As any all-star cheerleader can tell you, cheer is a dangerous sport! From being tossed more than 10 feet in the air to performing acrobatic jumps and flips, these activities can take a serious toll on the body — especially when athletes aren’t careful. Today, we have compiled a list of the top most common cheerleading injuries, as well as what you can to do prevent them.
Safety and Prevention
When it comes down to it, keeping athletes free of injuries demands the right equipment, coaching, athletic level, and preventative measures. All athletes should practice on a soft mat, preferably one that is similar to their competition mat. All-star cheerleaders also need to maintain a solid fitness level, even in the off-season, to prevent strain injuries. Pushing themselves too hard can often result in crutches, concussions, and twists. Coaches should also be spotting every new skill and progressing skill. No matter how many precautions you take, however, you will not be able to prevent all injury from happening. Make sure there is an emergency plan in place, just in case!
With all the jumping and flips cheerleaders do, it’s common for them to land the wrong way and twist their ankle just enough to sprain it. Make sure your athlete uses the RICE method to heal — rest, ice, compression, and elevation.
All it takes is one odd landing from a jump to cause a ligament tear or hyperextension injury. Athletes should go to the doctor as soon as possible, especially if they felt a pop or claim that their knee feels “loose.” In minor cases, athletes will need a brace or some physical therapy. More extreme knee injuries can require surgery.
Spondylolysis is a stress fracture in the spine that is often caused by excessive jumping, tumbling, and back bending activities. The main symptom is usually experiencing pain in the lower back during back walkovers, front walkovers, or back handsprings. If your athlete experiences low back pain for more than two weeks, seek a doctor immediately. Usually, treatment only requires physical therapy and refraining from bending back for several weeks or months. A brace is often not necessary.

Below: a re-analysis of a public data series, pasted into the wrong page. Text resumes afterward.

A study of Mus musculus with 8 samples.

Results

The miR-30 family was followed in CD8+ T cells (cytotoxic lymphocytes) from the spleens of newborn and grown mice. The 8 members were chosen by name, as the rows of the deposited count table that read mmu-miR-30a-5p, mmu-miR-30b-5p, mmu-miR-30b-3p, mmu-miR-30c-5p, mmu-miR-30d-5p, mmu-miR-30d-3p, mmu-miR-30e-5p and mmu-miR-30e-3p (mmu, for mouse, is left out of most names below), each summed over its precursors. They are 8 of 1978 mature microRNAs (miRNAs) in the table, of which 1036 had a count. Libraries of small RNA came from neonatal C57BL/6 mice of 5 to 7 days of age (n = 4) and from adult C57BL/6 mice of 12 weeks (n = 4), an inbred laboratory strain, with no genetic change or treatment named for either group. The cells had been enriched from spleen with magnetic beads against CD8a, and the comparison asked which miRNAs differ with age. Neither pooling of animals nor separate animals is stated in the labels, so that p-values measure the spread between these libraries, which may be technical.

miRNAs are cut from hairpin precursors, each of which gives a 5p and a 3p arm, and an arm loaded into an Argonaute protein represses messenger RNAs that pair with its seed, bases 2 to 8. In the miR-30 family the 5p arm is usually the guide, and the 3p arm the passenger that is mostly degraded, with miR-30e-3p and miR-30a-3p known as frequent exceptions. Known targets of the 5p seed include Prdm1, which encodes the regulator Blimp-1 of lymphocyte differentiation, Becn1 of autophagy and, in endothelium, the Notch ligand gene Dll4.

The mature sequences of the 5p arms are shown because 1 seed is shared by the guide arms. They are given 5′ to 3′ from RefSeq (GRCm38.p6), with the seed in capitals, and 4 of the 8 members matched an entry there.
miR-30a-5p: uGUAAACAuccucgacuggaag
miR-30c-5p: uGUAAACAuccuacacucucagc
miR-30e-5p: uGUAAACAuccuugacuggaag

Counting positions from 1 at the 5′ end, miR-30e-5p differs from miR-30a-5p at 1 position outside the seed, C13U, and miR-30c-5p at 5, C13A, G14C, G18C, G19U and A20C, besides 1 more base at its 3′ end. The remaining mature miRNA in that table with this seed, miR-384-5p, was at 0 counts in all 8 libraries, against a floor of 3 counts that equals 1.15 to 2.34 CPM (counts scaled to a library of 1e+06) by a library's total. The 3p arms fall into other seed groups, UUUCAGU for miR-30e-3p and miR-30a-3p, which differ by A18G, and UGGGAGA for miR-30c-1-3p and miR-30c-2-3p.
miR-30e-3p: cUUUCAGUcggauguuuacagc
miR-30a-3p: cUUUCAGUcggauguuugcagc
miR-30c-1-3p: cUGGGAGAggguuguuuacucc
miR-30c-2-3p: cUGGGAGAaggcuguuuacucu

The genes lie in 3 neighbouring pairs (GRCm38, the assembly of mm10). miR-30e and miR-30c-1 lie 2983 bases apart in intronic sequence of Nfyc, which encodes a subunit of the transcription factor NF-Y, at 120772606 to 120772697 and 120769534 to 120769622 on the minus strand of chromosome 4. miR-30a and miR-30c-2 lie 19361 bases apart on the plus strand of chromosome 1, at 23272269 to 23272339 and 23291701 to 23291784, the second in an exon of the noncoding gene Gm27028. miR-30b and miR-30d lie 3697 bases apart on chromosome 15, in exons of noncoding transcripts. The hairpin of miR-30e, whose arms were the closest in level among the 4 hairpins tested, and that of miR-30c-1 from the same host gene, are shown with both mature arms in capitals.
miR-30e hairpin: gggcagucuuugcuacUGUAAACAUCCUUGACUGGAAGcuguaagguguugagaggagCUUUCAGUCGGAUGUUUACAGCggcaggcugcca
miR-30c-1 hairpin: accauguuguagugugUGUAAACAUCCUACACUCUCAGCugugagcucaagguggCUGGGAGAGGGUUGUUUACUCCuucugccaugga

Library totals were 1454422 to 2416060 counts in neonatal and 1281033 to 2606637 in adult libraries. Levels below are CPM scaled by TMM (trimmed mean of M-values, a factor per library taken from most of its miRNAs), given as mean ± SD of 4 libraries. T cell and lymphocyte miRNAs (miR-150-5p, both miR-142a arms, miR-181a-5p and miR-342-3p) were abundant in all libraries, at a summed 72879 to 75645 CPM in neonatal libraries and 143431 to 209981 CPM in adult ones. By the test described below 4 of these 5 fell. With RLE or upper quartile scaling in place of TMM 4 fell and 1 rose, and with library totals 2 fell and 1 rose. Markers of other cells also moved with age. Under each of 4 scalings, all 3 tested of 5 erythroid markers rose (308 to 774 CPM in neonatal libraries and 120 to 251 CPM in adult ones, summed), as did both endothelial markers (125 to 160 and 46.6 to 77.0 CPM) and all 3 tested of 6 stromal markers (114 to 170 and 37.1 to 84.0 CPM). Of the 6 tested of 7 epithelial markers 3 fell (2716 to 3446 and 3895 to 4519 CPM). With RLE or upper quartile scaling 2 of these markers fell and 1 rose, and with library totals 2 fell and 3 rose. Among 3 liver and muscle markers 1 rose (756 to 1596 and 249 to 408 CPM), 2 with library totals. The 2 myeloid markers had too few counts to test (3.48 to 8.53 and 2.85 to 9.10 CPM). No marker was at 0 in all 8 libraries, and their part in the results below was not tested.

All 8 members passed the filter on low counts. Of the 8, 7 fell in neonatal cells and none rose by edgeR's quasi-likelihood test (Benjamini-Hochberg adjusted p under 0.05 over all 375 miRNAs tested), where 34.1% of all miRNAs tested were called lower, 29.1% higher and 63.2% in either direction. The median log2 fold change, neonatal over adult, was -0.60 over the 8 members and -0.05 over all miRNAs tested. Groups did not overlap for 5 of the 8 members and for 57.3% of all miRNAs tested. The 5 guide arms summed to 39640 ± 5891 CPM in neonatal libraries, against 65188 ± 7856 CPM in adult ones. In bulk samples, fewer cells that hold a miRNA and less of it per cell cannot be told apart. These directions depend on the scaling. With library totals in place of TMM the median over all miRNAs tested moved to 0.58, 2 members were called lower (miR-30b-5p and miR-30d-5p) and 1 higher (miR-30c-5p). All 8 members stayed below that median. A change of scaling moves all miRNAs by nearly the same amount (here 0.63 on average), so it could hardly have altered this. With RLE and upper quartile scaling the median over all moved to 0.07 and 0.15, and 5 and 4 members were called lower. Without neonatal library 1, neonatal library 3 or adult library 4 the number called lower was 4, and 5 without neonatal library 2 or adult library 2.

Cheerleaders’ heads do sometimes hit the floor during a stunt fall. As a result, many cheerleaders end up concussed. The signs and symptoms range from subtle to obvious and can take several hours or days to appear. All concussions are serious, and the injured athlete must be monitored before being allowed to return to practice.
Proper Preparation and Protocols
Many injuries can be avoided as long as the athletes are properly supervised and spotted when attempting a skill. The rules set in place by USASF have been created in order to keep athletes safe and move them forward in a healthy, progressive way. At all WSA competitions, we keep trainers and emergency staff on hand to handle any emergency that may arise. Reach out to our team today to sign up for the next cheerleading nationals! We look forward to seeing your team and gym compete. Stay safe out there!